Hochul unveils $55M plan to battle rising car thefts across New York: Will new enforcement efforts, stiffer penalties be enough to curb it?

  • / Updated:
  • Staff Report 

In response to a surge in car thefts, particularly those involving specific Kia and Hyundai models, Governor Kathy Hochul has revealed a targeted five-point strategy, the Comprehensive Auto-Theft Reduction Strategy (CARS), to tackle the menace. Announced at the Public Safety Building in Rochester, this initiative comes as part of New York’s ongoing efforts to combat crime and safeguard its residents.


With violent crime rates declining across the state, Hochul has turned her attention to the increasing car theft problem prevalent in counties such as Monroe, Erie, and Niagara. The CARS initiative includes an allocation of $50 million for advanced law enforcement technology and equipment, alongside $5 million aimed at enhancing justice programs for the youth. “We are ensuring car owners are taking appropriate steps to safeguard their vehicles,” Hochul stated.

To further support the cause, the New York State Department of Motor Vehicles will notify owners of vulnerable vehicles, advising them to adopt preventive measures. Commissioner Mark J.F. Schroeder commented on the gravity of the issue, noting that vehicles, significant investments for many, should not be at constant risk of theft.

A troubling uptick in car thefts was recorded during the peak of the pandemic in 2020 and 2021. While New York managed to bring down gun violence and murder rates, car thefts, particularly those driven by social media tutorials teaching youngsters to steal specific car models, have continued to rise. Remarkably, in 2023, Monroe County witnessed a 345% spike in car thefts, the highest nationwide.

There are initially three areas of focus that will drive the work of the Task Force.

  • The first is to analyze charging and pleading decisions and increase the use of custodial arrests and arraignments minimizing the use of desk appearance tickets.
  • The second is to prioritize the prosecution of cases where car thefts and driving under the influence of alcohol or drugs are interconnected. Arrests for operation of a motor vehicle under the influence of alcohol or drugs are down 23 percent in ONYC and 55 percent in NYC. However, conviction rates in these cases continue to be high through the Pandemic (above 90 percent in both felony and misdemeanor cases) so there is an opportunity to coordinate more effectively our car theft and impaired -driving strategies.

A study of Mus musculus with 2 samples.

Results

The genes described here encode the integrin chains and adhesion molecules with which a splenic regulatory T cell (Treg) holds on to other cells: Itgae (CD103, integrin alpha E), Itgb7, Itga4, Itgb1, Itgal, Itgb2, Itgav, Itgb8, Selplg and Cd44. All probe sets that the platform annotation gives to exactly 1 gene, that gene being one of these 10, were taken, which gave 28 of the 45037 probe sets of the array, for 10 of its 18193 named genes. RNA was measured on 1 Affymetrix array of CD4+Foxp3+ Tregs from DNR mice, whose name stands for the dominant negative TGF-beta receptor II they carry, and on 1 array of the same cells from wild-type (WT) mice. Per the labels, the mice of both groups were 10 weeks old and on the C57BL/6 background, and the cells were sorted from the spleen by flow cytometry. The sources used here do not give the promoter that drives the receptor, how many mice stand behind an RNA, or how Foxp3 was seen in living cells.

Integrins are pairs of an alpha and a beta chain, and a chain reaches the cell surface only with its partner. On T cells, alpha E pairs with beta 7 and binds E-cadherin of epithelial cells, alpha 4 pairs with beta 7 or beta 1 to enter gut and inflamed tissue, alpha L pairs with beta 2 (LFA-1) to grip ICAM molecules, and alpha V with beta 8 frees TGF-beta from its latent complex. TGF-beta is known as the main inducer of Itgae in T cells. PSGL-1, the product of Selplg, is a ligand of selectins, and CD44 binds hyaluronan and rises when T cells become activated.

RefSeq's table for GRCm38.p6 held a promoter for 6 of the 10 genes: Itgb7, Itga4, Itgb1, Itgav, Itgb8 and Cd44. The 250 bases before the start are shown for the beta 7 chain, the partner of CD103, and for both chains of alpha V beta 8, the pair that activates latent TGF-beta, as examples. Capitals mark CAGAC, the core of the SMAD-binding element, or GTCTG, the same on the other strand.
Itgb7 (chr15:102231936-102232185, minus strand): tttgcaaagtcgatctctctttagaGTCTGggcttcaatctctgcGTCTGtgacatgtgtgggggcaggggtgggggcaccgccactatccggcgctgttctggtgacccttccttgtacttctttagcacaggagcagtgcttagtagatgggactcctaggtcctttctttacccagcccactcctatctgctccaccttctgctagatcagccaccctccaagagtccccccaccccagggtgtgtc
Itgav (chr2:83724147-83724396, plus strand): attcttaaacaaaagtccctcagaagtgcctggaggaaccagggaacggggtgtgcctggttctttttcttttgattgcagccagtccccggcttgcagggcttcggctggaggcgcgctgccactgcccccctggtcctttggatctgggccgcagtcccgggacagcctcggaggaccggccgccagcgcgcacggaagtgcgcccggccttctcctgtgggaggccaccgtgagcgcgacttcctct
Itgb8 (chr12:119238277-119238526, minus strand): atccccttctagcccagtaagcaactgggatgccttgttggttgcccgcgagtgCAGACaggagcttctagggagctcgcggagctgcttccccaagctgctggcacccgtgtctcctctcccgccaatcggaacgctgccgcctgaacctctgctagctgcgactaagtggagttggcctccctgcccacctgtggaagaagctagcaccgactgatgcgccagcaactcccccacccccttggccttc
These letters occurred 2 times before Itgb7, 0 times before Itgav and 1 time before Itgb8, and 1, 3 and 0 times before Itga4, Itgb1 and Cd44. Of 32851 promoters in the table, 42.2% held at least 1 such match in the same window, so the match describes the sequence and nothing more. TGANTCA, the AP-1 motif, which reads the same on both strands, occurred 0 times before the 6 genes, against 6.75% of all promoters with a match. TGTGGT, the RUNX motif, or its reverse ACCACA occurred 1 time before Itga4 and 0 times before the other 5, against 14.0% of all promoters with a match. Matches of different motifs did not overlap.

• The third area of focus is the fact that 60-65 percent of felony cases involve sentences other than incarceration as the norm, such as probation, fines, and conditional discharge. In misdemeanor cases, city or jail sentences are uncommon (under 5 percent) and the most common sentence is a fine (~80 percent). There is an opportunity to strengthen the prosecution of these cases by reevaluating the use of the current VTL provisions (for example, VTL § 510. Suspension, revocation and reissuance of licenses and registrations) in cases in which vehicles are used in the furtherance of another crime.

Lastly, Governor Hochul is introducing a public engagement campaign specifically targeting Hyundai and Kia owners. The campaign emphasizes the importance of installing anti-theft measures. Direct communication from the state Department of Motor Vehicles and engagement with Auto Dealers associations will bolster these preventive efforts.